Outside Ireland, the Irish Red and White Setter is not a well-known breed of dog. This beautiful, working gun dog is similar to but older than the better known Irish Setter. As of June 2007, this breed is a member of the American Kennel Club’s sporting class.
History and Origin
According to paintings and oral history, it seems that the Irish Red and White originated around the 17th Century. The Irish Red Setter, who probably developed from the Red and White Setter, quickly became very popular and the Red and White Setter faced extinction.
During the 1920s, two dedicated breed enthusiasts, Rev. Noble Huston and Mrs. Maureen Cuddy worked to increase numbers of this breed. In 1944, a Red and White Setter Club developed and today the breed is popular in Irish field trials and shows.
This athletic dog stands approximately 22.5 to 26 inches tall at the shoulders, weighing 50 to 70 pounds. His coat is long, fine, and silky with a base of color of white with solid red patches. His muzzle is long and square, and his ears lie close to his head. His tail is moderate in length.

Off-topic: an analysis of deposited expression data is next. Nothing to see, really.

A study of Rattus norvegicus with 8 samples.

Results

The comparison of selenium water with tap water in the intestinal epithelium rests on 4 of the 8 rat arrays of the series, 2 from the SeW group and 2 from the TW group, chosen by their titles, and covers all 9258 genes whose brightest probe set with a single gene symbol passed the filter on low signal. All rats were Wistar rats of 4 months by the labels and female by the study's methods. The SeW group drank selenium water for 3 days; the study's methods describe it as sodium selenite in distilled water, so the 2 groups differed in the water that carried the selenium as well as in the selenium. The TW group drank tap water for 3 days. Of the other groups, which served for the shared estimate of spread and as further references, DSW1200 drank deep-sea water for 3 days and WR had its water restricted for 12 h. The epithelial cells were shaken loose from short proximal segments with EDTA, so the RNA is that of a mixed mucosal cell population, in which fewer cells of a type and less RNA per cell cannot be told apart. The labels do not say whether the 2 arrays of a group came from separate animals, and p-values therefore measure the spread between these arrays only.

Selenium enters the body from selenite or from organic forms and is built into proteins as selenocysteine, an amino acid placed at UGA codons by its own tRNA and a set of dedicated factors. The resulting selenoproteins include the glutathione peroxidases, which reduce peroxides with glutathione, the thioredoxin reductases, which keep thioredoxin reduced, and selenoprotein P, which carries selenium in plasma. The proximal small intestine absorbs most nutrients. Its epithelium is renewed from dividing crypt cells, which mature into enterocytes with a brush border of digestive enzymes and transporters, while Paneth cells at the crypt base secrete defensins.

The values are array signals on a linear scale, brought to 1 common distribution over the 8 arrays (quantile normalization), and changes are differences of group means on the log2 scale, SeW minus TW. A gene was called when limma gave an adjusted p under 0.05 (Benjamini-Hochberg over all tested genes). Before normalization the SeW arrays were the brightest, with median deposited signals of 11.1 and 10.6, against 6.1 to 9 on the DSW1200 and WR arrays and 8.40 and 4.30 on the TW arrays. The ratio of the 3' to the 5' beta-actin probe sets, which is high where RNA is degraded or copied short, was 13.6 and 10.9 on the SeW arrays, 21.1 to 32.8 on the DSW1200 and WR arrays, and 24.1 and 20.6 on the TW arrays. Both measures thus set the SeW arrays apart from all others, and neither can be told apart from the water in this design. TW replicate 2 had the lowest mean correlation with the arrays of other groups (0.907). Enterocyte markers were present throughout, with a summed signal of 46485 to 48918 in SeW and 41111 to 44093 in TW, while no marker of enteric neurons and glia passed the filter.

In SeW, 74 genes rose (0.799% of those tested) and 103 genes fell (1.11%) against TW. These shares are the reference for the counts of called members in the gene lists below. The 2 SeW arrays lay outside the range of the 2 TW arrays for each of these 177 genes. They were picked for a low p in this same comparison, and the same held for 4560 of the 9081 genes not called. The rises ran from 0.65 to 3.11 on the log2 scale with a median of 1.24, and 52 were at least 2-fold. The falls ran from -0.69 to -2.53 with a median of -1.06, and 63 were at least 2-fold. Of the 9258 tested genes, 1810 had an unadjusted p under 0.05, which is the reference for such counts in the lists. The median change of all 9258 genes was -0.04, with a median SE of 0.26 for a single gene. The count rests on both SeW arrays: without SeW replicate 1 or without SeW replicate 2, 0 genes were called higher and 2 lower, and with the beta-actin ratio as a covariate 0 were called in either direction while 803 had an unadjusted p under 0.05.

As a gundog, the Irish White Setter is athletic, extremely energetic, intelligent, and driven. He is loyal and dedicated to his family.
Home and Family Relations
The Irish Red and White Setter makes a lovely family dog, a faithful companion who does well with children and other pets, partially due to his lack of guarding instincts. Because this dog is bred to work and hunt, he does best with an active family who can provide for his sporting desires.
Daily brushing is necessary to keep the Irish Red and White Setter’s coat free of tangles and debris. Bathing should be performed as needed. This dog is an average shedder.
This independent dog can be more challenging to train than other bird dogs. Training and socialization at an early age are critical. With firm handling and the proper outlet for their energy, these dogs are well-behaved.
Common Diseases and Disorders
The life expectancy of the Irish Red and White Setter is approximately 11 to 15 years.